Nearly 200 young adults faced criminal charges last year as alcohol possession citations rose to a four-year high. The number of people ages 18 to 21 charged with possessing alcohol increased by 37 percent in 2016, according to the Unified Judici...


The number of people ages 18 to 21 charged with possessing alcohol increased by 37 percent in 2016, according to the Unified Judicial System, with 199 people charged that year.

Under South Dakota Codified Law 35-9-2, any person under 21-year-old who purchases, attempts to purchase, possesses or consumes alcohol may be charged with a Class 2 misdemeanor, punishable upon conviction by up to 30 days in jail and a $500 fine.

The number of charges totaled 145 in 2015, 143 in 2014 and 149 in 2013. So far, there have been 17 underage possession charges in 2017. If that rate holds true, there will be 102 by the end of the year.

Davison County's total is high for South Dakota. According to UJS, the statewide average for underage possession charges in all counties in 2016 was 125.63. The average was 107.85 the year before.


Mitchell Patrol Sgt. Terry Reyelts said last year's increase could be caused in part by procedural changes caused by the state's Juvenile Justice Public Safety Improvement Act, also known as Senate Bill 73, which was passed in 2015.

After the bill's passage, Reyelts said officers started charging minors under the age of 18 with the 35-9-2 code, instead of a blanket charge that covered all juvenile offenses, labeling offenders as a child in need of supervision (CHINS).

"Before, we had kind of the blanket of a CHINS that covered any and all violations of law by somebody under 18," Reyelts said.

But the number of CHINS convictions for alcohol possession started declining before 2015. In 2012, there were 28 such charges. The number was halved the next year, and continued to fall to eight in 2014 and 6 in 2015. Last year, there was only one CHINS charge for alcohol.

Reyelts said the increase might also be attributable to the success of Mitchell's two post-secondary educational institutions, Dakota Wesleyan University and Mitchell Technical Institute.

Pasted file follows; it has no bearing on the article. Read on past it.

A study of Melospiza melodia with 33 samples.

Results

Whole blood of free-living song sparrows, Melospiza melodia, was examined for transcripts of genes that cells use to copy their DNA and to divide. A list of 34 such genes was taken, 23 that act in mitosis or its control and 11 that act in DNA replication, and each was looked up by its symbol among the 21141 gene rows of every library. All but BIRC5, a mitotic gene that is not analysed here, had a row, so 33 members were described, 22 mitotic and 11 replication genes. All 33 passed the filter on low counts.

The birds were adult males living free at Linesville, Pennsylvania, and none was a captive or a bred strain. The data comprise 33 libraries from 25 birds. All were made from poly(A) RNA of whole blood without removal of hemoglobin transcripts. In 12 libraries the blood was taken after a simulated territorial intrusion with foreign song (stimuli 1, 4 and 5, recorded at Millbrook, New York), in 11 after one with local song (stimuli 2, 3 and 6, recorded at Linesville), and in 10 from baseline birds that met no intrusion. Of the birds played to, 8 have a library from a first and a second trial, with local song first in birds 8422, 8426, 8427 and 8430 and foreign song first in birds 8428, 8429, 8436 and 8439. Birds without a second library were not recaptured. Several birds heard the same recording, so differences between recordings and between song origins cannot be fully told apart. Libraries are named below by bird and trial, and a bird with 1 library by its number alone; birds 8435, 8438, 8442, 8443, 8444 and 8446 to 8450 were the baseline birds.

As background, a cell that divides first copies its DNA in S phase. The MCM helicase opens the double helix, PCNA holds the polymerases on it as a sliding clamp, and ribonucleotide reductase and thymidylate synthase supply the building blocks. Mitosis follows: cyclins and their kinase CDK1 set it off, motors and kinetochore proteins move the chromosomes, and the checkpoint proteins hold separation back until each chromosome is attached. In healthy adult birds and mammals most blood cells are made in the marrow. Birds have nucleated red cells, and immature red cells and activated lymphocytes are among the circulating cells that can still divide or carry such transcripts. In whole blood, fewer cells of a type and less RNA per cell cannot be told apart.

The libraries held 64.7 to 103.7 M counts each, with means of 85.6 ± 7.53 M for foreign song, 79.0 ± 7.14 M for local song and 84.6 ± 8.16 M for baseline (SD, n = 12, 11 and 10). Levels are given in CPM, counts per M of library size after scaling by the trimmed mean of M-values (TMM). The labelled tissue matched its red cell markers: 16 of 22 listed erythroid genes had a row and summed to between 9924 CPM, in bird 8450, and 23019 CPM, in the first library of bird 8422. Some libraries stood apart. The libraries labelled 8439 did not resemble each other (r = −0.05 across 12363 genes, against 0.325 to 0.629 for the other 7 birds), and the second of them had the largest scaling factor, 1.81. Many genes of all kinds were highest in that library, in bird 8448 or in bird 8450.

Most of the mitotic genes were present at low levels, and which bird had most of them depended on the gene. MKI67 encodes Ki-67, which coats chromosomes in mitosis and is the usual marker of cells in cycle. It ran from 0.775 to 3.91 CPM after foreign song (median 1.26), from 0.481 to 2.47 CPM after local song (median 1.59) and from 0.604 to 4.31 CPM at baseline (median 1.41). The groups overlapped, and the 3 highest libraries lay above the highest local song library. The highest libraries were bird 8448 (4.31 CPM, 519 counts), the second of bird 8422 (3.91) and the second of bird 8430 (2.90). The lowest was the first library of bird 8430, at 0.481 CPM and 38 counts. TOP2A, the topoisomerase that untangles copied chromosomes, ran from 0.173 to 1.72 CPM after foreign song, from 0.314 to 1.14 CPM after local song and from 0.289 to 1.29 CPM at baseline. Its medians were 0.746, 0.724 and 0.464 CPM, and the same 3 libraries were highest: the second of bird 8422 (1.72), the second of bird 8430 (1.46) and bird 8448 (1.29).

Both schools have reported record-high fall enrollment, and Reyelts said when more underage students come to town, the number of minor alcohol offenses is likely to rise.

"When you get an increase in the population ineligible to drink, you're obviously going to have some problems like that," Reyelts said.


Dakota Wesleyan University reported an enrollment of 900 students in fall 2016, up five students from the year before.

DWU Director of Student Life Diana Goldammer said the university is a "dry campus," meaning no alcohol is allowed, no matter how old a student is, which she attributed to the school's United Methodist heritage.

According to a DWU security report, there were 20 alcohol violations on campus in 2015, the most recent information available. There were 38 in 2014, 44 in 2013 and 52 in 2012.

Goldammer said resident assistants interact with students on an informal basis throughout the year to discuss issues related to alcohol, but if there is a violation, Residence Life staff upholds a restorative justice policy, in which a student makes amends for the infraction, often through a research paper or community service.

"It's very case by case. We try to infuse our sanctions with common sense," Goldammer said, adding that all students are treated the same, regardless of age.

Mitchell Technical Institute's enrollment climbed to 1,274 in the fall, which is one student more than the year before. According to MTI's security and fire safety report, there was one arrest for a liquor law violation in on-campus housing in 2015, the most recent report available. MTI does not own any campus housing, but the school counts incidents at the Campus Tech Apartments contiguous to campus in its reports. There were no reported incidents anywhere else on campus since 2013.

MTI also has a zero-tolerance alcohol policy. Because the school has no residence halls and many students are under 21, Julie Brookbank, associate to the president, said there is no reason to allow alcohol on campus.


Of course the statistics from both schools only address on-campus incidents, and Reyelts said police respond to house parties every year. He said some partygoers immediately comply with authorities. Others try to escape punishment, including a suspect a few years ago who jumped out a two-story window and broke a leg.

"It was one of those where you go, 'Well, not only do you get a minor, but you've also got a hospital bill,' " Reyelts said.

The number of underage possession charges may be up, but Reyelts said police haven't identified it as a specific infraction to target. Instead, officers continue to respond when they are called upon by the public.

"It's nothing that we're, 'targeting,' " Reyelts said. "It's something that has been brought to our attention, and like any other grievance, we look into it."